Russian regiment loses ‘large proportion’ of tanks in ‘ill-disciplined attack’ on frontline

Ukrainian servicemen fire with a TRF-1 155mm cannon at Russian positions - AFP

A Russian formation created for the Ukraine war has suffered heavy losses due to a lack of discipline and low morale, with one regiment losing a “large proportion of its tanks,” according to British intelligence.

The 10th Tank Regiment is part of the 3rd Army Corps, the first major new Russian formation formed to support the invasion.

In recent weeks, Moscow has switched its focus to Avdiivka in the Donetsk region, hoping to encircle the Ukrainian troops defending it after having so far failed to capture nearby Bakhmut.

But its 10th Tank Regiment has lost significant numbers of tanks in order to make only marginal gains.

Russia is believed to have lost at least 1,900 tanks since Vladimir Putin launched his invasion of Ukraine in February last year, according to Western analysts.

Repeated tactical failures were blamed for the heavy losses Russian forces sustained around Avdiivka, according to the Ministry of Defence.

“10th Tank Regiment’s losses have likely largely been due to tactically flawed frontal assaults similar to those in other recent failed Russian armoured attacks, such as around the town of Vuhledar,” the ministry said on Tuesday in its daily intelligence briefing.

Soldiers are often drunk

The formation has reportedly been dogged by ill-discipline and poor morale.

Soldiers from the newly-formed 3rd Army Corps are often drunk, use obsolete weapons and received poor training in Belarus, according to Ukrainian sources.

Attempts by Russian forces to use armour in suicide missions to capture Ukrainian positions has become more prevalent in recent months.

Moscow has lost 1,900 tanks, including 1,147 destroyed and more than 500 captured by Kyiv, since the beginning of the war, according to Oryx, a respected open-source intelligence outfit that tracks battlefield losses.

In total, almost 10,000 pieces of military hardware have been lost by Russian forces, including armoured vehicles and artillery howitzers, in the 13 months since the invasion, its analysts said.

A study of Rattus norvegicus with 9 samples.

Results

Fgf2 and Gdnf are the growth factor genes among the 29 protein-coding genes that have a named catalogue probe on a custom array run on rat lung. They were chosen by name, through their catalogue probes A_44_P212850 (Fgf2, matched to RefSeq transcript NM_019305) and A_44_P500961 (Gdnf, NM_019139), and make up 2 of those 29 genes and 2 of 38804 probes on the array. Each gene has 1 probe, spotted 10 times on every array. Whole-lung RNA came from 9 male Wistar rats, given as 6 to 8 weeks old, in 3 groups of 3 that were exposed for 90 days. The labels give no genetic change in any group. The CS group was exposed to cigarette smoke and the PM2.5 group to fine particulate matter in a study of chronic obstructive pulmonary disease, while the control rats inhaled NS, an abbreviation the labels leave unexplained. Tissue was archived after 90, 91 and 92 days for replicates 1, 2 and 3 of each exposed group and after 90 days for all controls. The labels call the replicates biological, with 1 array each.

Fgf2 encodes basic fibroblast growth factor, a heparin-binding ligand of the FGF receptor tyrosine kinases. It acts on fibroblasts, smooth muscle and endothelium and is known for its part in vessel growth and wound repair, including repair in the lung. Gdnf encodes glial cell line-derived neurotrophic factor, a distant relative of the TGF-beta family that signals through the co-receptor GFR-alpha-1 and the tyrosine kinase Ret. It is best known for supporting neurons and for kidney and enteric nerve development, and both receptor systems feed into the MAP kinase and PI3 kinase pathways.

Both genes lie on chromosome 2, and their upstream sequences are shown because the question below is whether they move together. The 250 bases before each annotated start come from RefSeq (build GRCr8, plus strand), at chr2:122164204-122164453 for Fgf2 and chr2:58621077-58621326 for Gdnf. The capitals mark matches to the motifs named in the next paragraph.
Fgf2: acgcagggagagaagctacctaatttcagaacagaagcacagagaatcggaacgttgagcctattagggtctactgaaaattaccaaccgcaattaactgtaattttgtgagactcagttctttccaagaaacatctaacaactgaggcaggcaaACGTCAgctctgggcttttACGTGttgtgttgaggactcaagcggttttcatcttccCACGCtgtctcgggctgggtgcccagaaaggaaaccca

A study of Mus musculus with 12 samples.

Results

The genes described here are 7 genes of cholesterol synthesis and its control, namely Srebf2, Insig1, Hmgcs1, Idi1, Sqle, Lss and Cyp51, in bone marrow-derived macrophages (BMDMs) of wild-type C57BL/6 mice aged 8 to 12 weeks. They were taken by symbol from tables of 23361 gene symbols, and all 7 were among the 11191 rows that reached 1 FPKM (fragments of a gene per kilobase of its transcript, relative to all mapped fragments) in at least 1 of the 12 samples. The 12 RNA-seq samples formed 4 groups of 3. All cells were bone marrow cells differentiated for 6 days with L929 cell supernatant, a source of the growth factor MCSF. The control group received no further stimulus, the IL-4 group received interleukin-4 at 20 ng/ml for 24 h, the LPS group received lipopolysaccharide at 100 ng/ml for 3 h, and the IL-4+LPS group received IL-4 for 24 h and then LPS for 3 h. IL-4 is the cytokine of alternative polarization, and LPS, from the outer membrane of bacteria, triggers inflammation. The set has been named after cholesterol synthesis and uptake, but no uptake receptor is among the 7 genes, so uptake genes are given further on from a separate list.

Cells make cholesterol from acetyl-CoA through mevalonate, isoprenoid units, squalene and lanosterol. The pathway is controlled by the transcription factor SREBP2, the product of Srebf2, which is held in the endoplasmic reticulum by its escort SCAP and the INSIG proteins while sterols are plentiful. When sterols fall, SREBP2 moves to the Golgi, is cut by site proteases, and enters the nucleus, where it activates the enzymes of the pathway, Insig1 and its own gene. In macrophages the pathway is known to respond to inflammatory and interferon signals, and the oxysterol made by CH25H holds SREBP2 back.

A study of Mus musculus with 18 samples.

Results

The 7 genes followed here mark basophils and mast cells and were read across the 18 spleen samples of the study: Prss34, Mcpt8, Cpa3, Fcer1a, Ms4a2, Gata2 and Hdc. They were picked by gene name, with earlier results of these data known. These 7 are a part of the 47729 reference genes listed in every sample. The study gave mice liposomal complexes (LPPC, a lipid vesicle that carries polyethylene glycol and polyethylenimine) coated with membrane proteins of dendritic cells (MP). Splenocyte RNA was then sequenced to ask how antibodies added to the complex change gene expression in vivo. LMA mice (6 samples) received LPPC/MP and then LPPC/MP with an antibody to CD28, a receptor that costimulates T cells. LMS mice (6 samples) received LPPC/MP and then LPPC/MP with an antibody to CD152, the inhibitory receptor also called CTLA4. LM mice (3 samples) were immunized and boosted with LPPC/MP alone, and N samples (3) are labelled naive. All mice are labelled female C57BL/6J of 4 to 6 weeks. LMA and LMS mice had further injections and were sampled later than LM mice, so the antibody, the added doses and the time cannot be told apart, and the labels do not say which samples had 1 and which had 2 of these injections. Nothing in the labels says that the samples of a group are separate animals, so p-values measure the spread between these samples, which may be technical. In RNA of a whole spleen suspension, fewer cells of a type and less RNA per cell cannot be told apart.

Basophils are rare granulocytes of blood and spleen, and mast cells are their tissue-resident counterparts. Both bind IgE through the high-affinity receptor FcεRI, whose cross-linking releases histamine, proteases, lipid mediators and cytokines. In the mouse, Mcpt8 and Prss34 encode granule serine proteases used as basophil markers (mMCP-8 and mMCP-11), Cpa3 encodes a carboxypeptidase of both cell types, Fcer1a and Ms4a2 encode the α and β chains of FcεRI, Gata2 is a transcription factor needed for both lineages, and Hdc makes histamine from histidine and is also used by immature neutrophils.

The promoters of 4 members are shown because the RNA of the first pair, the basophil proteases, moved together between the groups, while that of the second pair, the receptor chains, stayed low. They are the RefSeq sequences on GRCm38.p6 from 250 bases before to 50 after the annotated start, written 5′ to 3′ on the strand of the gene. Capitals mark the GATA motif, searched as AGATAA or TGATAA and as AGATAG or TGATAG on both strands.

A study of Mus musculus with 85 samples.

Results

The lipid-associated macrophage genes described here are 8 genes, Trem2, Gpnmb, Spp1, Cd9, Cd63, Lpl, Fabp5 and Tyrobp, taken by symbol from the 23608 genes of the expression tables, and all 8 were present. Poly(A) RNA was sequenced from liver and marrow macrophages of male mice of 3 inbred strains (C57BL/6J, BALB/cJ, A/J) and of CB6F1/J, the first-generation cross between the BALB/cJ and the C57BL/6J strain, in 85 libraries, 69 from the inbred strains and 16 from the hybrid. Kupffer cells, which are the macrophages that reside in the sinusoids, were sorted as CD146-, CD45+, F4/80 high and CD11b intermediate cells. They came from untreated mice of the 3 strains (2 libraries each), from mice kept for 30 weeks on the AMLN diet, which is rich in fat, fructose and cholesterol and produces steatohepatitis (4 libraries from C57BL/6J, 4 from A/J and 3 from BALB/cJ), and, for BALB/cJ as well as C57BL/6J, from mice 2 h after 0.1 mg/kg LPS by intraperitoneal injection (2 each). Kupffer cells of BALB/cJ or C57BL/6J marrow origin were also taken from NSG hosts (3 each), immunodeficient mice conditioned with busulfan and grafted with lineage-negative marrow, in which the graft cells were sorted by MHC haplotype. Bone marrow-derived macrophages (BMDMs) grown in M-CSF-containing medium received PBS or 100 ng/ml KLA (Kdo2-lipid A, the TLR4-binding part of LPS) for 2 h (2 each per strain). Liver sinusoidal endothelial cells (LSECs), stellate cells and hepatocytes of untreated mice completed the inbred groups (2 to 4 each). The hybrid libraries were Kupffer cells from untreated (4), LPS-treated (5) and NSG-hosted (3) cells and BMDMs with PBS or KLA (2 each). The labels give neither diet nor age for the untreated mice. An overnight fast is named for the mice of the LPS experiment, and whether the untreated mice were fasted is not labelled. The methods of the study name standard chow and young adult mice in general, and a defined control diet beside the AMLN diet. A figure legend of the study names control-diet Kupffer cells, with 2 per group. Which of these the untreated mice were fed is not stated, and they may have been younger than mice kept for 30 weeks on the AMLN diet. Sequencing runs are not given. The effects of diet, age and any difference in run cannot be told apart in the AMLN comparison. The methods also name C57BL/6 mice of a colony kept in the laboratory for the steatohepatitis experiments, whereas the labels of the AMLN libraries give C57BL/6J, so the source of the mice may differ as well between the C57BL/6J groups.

It is feared the renewed Russian effort to seize Avdiivka could create a “second Bakhmut”.

Earlier this week, the town’s top military official, Vitaliy Barabash, banned journalists and aid workers from entering, and ordered public officials to leave.

Ukrainian soldiers walk together at their position on the frontline near Bakhmut - AP
Ukrainian soldiers walk together at their position on the frontline near Bakhmut - AP

As the battle for the town continued to rage on Tuesday, Dmytro Kuleba, the Ukrainian Foreign Minister, demanded that Russian forces leave “every square metre” of Ukrainian territory.

“I want to be clear - Russia has to withdraw from every square metre of Ukrainian territory. There should be no misinterpretation of what the word withdrawal implies,” he told the second US-led Summit for Democracy on Tuesday, referring to Volodymyr Zelensky’s commitment to recapturing Crimea.

“The cessation of Russia’s aggression and the restoration of Ukraine’s territorial integrity are essential conditions for peace,” he said.

“Ill-advised concessions to the aggressor would only encourage Russia to intensify its attacks on democracy, giving it time to rebuild its military capabilities and resume the armed offensive against Ukraine.”

‘Defending entire democratic world’

Joe Biden, the US President, will formally kick off the summit on Wednesday as part of his effort to rally support for Ukraine.

“In this fight, we are defending the entire democratic world,” Mr Kuleba said.

The foreign minister’s clarion call came as it emerged Germany is planning a significant boost to its military aid for Ukraine.

Some €12 billion (£10.5 billion) more in spending is due to be approved by the parliamentary budget committee, AFP reported, with the funds to go towards military help for Kyiv as well as replenishing stocks of equipment already sent to Ukraine.

The sum dwarfs the €3 billion spent so far by Berlin on military aid for Kyiv.

The German army will reportedly be able to begin spending the cash this year, with further funds also earmarked for the coming years.

The committee will specifically vote on Wednesday on replenishing stocks of Panzerhaubitze 2000s self-propelled howitzers sent to Ukraine, the source said.

Meanwhile, Moscow on Tuesday claimed it had downed a long-range glide bomb supplied by the US for the first time.

“Air defence (forces) downed... a GLSDB guided rocket,” Russia’s defence ministry said in a statement, referring to ground-launched small diameter bombs jointly produced by the US and Sweden.

These weapons have a range of up to 93 miles, which would threaten Russian positions and supply depots far behind the front lines.

The Pentagon announced last month it was providing Ukraine with the bombs as part of a $2.2 billion (£1.7 billion) arms package.

Ukraine had been urging the United States for weapons with a longer range than Himars rockets, which can hit targets around 50 miles away.